Sheboygan County has 3,000+ Available Jobs, So What Gives?
If you're looking for a new career, you might want to look at Sheboygan County.
As of Sunday night, the county had 3,271 jobs available. Many start with a base pay of over $14 an hour, so what gives?
"We have very few people to fill our current openings," says Economic Development Director Dane Checolinski.
The county has an unemployment rate of 3.6%, among the lowest in the state.
It's an unusual issue the region has been facing for a couple of years, boiling down to a lack of available housing. As businesses continue to expand, the population has remained stagnant, and so has the housing market.
"A couple of years ago, a bunch of employers came to us and said we're trying to relocate people to the area, but they have no place to live," says Checolinski.
The county and city of Sheboygan have been focusing on residential development as a way to attract workers to the area.
"We have 260 apartments going in this summer at a value of $37-Million," says City Planning and Development Director Chad Pelishek. "That's huge for a community of 50,000 people."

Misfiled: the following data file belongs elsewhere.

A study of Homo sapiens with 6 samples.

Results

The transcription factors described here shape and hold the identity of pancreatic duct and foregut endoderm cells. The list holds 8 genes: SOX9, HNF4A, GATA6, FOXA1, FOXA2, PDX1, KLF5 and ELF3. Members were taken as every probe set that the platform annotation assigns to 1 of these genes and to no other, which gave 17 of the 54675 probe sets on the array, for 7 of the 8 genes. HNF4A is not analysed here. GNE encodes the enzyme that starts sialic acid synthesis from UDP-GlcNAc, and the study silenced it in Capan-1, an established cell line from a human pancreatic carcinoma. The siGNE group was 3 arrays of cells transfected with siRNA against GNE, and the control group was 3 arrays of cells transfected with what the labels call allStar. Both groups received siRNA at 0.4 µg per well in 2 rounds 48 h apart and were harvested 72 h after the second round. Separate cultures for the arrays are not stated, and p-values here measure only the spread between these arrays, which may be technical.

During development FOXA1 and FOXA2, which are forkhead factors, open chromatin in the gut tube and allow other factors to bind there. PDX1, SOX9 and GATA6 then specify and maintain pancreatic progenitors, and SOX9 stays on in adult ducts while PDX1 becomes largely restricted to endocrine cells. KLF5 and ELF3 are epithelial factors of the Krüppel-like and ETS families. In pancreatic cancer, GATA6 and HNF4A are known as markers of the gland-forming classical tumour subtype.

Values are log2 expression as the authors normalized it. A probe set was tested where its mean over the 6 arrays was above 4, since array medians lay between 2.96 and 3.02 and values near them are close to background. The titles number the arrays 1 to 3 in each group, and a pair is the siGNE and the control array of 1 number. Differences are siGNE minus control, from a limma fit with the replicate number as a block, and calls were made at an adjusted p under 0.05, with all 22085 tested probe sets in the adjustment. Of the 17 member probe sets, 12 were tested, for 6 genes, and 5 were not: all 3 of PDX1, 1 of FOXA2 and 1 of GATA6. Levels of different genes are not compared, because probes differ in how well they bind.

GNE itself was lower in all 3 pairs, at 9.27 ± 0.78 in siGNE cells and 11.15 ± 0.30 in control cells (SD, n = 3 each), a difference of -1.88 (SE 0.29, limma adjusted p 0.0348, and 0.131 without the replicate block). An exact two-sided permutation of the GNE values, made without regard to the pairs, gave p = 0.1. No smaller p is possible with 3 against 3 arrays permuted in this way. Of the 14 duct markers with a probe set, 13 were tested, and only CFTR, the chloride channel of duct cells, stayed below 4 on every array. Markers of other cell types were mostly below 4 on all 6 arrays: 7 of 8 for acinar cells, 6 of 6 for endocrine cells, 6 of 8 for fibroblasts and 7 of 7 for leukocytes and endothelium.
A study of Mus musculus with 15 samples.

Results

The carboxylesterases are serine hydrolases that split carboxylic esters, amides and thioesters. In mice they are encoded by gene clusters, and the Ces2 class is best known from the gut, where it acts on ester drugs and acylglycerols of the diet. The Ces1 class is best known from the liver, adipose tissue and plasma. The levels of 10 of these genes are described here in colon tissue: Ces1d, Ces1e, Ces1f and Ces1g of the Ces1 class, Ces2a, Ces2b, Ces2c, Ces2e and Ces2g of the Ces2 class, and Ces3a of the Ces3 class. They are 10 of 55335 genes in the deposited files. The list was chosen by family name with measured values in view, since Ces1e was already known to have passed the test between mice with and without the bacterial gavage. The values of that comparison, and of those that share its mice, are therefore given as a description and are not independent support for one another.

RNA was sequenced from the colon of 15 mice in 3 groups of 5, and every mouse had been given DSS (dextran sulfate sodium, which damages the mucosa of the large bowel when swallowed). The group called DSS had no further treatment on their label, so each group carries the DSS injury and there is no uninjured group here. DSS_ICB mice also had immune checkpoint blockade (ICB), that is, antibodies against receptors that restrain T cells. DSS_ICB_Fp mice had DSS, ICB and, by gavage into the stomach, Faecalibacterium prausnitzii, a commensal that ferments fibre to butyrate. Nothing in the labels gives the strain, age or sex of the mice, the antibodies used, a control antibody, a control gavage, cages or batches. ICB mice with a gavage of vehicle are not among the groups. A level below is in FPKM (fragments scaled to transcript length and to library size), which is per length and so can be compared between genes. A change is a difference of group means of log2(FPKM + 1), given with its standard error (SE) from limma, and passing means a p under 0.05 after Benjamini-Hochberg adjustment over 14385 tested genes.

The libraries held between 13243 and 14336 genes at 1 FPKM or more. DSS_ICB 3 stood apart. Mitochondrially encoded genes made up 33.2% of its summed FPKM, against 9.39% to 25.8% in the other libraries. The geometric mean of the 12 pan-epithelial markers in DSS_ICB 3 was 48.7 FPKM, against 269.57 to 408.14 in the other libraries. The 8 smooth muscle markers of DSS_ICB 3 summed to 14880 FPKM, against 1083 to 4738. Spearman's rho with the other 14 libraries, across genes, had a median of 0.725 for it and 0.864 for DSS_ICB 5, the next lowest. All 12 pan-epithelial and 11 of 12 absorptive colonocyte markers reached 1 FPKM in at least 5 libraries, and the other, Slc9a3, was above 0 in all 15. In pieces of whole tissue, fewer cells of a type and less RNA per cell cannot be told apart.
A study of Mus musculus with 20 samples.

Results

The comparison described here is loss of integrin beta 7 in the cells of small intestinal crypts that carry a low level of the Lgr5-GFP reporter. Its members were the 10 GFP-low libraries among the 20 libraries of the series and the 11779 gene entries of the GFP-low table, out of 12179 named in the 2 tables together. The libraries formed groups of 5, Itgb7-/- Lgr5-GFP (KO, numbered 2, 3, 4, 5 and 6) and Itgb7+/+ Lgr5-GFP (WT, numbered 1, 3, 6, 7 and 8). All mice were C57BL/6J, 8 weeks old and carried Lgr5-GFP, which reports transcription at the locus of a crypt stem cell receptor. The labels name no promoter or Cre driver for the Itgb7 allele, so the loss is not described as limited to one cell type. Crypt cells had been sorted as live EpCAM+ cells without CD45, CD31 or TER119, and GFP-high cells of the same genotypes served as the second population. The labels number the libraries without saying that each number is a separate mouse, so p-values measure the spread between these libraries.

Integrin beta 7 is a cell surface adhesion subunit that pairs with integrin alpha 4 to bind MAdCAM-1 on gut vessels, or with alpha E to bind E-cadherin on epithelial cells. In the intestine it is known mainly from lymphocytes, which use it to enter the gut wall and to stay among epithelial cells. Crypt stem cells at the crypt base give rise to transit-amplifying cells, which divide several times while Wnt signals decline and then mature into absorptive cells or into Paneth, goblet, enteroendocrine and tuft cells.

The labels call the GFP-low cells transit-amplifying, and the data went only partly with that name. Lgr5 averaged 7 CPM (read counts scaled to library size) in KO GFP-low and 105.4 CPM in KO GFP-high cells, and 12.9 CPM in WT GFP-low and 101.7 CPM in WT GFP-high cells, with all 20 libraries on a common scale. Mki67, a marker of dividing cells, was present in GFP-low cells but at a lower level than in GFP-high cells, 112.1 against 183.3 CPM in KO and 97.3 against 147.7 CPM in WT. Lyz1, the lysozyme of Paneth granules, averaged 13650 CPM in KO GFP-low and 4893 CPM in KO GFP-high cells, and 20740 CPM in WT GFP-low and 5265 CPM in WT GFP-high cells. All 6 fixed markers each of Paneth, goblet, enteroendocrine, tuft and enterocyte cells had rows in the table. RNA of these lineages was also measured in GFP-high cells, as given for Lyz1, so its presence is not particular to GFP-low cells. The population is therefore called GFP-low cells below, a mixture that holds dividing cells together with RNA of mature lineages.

The region holds numerous large companies, including Sargento, Kohler Co., Nemak, and Bemis Manufacturing Co. The available jobs range from office to manufacturing, many with high starting salaries.
At Nemak, Tom Bair says they have over 40 jobs available, some that pay well over $20 an hour.
"It's a slow process getting technical talent to locate to Sheboygan," he says.
Checolinski says hourly wages like that are easy to find.
"These jobs typically pay $14, $15, $16 an hour plus. Some of our cheese companies are even in the rates of $17 dollars an hour starting, and require little to no previous experience," says Checolinski.
The county has also launched a new campaign called "Someplace Better", hoping to convince families to move to the area. They're hoping to have over 300 new housing units on the market by the end of this year.
"A lot of people say to me, I've driven be Sheboygan on the interstate, but I've never gotten off, and when I got off I can't believe what I saw," says Pelishek. "I hear that day after day, so it's about letting everyone in the region know what we're about."